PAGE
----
Articles on urban resilience


What actually is a good city?

Developing principles to create cities that are good for all is not easy. Who decides what is good? And for whom? We desperately need a big and general public discussion about this.
The uniquely weak regulation of high-rise, high-density development exemplifies the market-driven growth of Australian cities. Julian Smith/AAP

Market-driven compaction is no way to build an ecocity

Achieving the goal of sustainable cities depends on rolling back the market after decades of privatisation and deregulation.
Think of all the resources needed to transform Shenzhen, a fishing town 35 years ago, into a megacity of more than 10 million people. Wikimedia Commons

Our cities need to go on a resource diet

Our cities need to become much more efficient not just to conserve precious resources but to improve the economy, wellbeing and resilience to environmental change and disasters.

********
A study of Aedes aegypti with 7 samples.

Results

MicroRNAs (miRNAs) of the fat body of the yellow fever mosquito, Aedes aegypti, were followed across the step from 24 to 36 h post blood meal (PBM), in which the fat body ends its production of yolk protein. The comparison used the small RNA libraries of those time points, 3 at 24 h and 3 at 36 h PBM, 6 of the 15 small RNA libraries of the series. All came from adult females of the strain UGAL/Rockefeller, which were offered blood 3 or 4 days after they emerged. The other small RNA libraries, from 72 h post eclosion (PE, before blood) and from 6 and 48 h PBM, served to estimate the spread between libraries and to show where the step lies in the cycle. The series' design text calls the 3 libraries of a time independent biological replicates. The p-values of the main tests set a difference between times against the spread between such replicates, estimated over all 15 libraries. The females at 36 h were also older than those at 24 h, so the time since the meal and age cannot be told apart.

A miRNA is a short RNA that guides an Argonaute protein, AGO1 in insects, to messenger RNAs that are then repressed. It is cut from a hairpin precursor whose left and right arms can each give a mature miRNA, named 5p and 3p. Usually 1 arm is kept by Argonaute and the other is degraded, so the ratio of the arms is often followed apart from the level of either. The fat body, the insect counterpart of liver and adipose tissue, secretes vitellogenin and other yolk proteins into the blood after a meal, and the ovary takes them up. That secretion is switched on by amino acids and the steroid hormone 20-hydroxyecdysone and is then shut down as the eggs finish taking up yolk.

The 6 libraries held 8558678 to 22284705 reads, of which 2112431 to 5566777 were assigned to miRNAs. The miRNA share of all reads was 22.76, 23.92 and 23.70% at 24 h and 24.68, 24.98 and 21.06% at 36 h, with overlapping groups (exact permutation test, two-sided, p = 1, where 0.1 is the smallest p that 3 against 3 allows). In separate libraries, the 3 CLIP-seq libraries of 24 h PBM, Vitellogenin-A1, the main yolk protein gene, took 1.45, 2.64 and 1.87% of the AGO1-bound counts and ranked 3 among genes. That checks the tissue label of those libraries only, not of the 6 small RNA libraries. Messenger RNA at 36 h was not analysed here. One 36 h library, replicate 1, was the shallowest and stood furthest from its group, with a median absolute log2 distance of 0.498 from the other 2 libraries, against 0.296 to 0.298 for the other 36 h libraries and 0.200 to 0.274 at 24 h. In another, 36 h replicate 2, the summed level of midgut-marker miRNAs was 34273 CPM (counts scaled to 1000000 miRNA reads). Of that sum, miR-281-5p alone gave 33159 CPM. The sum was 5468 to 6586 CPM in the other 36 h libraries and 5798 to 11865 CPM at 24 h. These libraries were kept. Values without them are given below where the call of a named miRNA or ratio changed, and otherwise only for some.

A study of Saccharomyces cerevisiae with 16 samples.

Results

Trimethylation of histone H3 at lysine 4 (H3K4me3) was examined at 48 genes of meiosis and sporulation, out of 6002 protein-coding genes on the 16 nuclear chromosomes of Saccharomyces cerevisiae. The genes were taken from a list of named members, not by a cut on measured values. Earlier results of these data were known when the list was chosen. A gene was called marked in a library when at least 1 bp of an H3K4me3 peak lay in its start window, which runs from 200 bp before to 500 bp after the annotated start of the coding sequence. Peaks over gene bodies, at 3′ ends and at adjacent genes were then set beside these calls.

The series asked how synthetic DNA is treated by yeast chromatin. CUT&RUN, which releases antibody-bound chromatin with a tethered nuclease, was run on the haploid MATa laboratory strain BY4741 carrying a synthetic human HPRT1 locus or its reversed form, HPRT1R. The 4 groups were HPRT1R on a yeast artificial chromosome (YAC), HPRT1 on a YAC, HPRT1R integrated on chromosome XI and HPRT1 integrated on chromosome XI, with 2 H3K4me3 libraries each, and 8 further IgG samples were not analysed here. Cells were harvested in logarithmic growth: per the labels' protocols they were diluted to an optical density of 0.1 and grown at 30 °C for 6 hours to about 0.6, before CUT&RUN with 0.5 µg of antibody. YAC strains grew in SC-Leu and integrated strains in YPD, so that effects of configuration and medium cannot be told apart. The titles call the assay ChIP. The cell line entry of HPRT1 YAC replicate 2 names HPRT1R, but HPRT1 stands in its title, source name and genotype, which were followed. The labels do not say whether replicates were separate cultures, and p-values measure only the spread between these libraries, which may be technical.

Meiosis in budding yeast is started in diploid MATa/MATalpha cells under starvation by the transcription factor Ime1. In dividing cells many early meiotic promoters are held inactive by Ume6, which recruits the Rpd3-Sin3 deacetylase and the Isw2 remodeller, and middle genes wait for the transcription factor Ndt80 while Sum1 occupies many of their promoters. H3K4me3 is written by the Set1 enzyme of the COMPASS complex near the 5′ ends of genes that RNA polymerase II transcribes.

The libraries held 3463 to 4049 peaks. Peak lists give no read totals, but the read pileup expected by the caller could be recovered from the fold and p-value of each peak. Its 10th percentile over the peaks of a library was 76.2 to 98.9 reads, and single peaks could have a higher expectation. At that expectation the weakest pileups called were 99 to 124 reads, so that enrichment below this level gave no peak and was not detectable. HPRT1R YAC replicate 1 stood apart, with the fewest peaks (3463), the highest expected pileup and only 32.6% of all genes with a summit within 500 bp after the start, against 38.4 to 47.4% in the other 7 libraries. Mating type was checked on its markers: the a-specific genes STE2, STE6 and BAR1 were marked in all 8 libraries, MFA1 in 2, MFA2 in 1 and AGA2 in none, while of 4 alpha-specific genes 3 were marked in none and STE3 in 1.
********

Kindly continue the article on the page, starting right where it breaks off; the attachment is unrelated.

After hitting parts of Haiti with winds of 145 miles per hour, Hurricane Matthew is moving toward the U.S. Andres Martinez Casares/Reuters

Hurricane Matthew approaches the eastern US: Six essential reads

As the U.S. braces for potential landfall of Hurricane Matthew, our experts weigh in on hurricanes, the need for resilient infrastructure and climate change.
Melbourne is powered by the coal-fired stations of Gippsland, which illustrates the problems with any urban strategy that neglects regional roles and interests. AAP/Julian Smith

‘The urban’: a concept under stress in an interconnected world

City-centric thinking arguably obscures connections between 'humans' and 'nature', and 'urban' and 'rural' or 'wild'. Growing evidence of the depths of these links is testing the concept of 'urban'.
Some informal settlements in Cape Town are located on or near wetlands. Shutterstock

Resilience in South Africa’s urban water landscape

Many African cities are sites of rapid urbanisation. To ensure that such societies are water resilient, it is necessary to address formal and informal forms of development.